For my entire career I’ve been using words including messages and audience. They are universal words. When you mention these words people immediately know what you are talking about. But, now, in PR 2.0 and with the use of social media, we have to rethink how we use these two words.
Let’s start with messages. Messages are generally intended to tell someone what you think is important, or what your company thinks will benefit its customers. Brands always have certain commonly agreed upon phrases or accepted wording that they push out to their customers and other stakeholders. But, guess what? In PR 2.0, you’re no longer “talking to” and telling customers what you want them to understand about your products or services. Rather, you should always be providing the communication and materials that they want, or request so they can gather, organize and share the communication.
It’s your job to help people make smart decisions. This is the difference between the customer who just hears what a company says and takes no action, and the person who asks and engages in dialogue with a brand, which leads to the purchase of a product or service. I don’t know if we can all stop using the word “messages;” it’s embedded in our brains and frame of references. But, if we could just think about messages as information that people want rather than what a brand wants to tell them, well then we’re making progress.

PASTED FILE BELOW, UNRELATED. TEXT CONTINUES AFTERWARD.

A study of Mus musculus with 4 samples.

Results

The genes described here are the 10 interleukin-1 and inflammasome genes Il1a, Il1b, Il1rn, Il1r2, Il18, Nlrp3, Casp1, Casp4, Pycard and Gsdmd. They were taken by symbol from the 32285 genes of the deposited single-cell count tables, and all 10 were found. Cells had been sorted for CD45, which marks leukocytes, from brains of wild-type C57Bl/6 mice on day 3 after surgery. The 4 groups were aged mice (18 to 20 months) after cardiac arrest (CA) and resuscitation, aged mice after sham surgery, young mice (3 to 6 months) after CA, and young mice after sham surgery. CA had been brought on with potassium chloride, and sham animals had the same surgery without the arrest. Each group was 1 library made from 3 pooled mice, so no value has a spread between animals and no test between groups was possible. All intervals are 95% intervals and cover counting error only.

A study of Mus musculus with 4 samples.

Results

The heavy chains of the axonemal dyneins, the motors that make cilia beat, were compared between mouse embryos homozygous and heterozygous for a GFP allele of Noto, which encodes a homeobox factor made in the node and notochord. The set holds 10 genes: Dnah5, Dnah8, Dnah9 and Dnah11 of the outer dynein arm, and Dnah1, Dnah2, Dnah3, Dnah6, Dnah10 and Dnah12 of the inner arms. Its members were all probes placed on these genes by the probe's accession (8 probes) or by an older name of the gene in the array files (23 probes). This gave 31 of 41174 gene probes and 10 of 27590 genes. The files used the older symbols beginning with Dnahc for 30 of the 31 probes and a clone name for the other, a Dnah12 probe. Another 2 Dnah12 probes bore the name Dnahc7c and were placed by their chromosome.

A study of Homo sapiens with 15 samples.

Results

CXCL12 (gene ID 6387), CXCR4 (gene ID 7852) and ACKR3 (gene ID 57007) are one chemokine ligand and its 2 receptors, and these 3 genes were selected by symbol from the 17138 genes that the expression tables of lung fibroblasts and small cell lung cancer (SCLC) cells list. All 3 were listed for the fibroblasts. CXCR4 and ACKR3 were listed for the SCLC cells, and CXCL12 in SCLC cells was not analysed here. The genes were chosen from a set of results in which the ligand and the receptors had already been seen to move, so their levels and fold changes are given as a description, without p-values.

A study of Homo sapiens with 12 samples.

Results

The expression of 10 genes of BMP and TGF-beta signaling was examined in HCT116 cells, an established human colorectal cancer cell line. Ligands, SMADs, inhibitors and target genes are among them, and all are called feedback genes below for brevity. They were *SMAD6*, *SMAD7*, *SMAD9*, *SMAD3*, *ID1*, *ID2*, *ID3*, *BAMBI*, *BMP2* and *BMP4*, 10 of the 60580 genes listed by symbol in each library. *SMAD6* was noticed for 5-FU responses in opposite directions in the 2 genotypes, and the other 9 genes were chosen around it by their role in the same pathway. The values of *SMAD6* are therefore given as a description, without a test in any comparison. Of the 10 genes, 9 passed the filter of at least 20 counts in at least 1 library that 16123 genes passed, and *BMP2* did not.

Next is the word audience. It’s an overused word in marketing and it’s meant to sound targeted when we say things like, “target audience and audience demographics.” Although people in web communities are like minded and conversing about information that is meaningful to them, they are all individuals with different wants, needs and behaviors. Well, you’re probably wondering, then how did the word “audiences” last so long in the traditional realm. Most likely, the reason is in earlier years of communication the communication was broadcast, so it was never one-to-one but always one-to-many. Social media allows us to go one-to-one easily to provide someone with valuable information. Then, that person can virally pass the information to people who he or she knows will feel the same way or who would benefit from the communication. I think that we’ll still see the word audience scattered about in the marketing world, but you should keep in mind that no customer wants to be lumped in a group of people, that has no relevance or relation to them. Your brand will obtain loyal customers if you treat each person independently.
What do you think of the words audiences and messages now?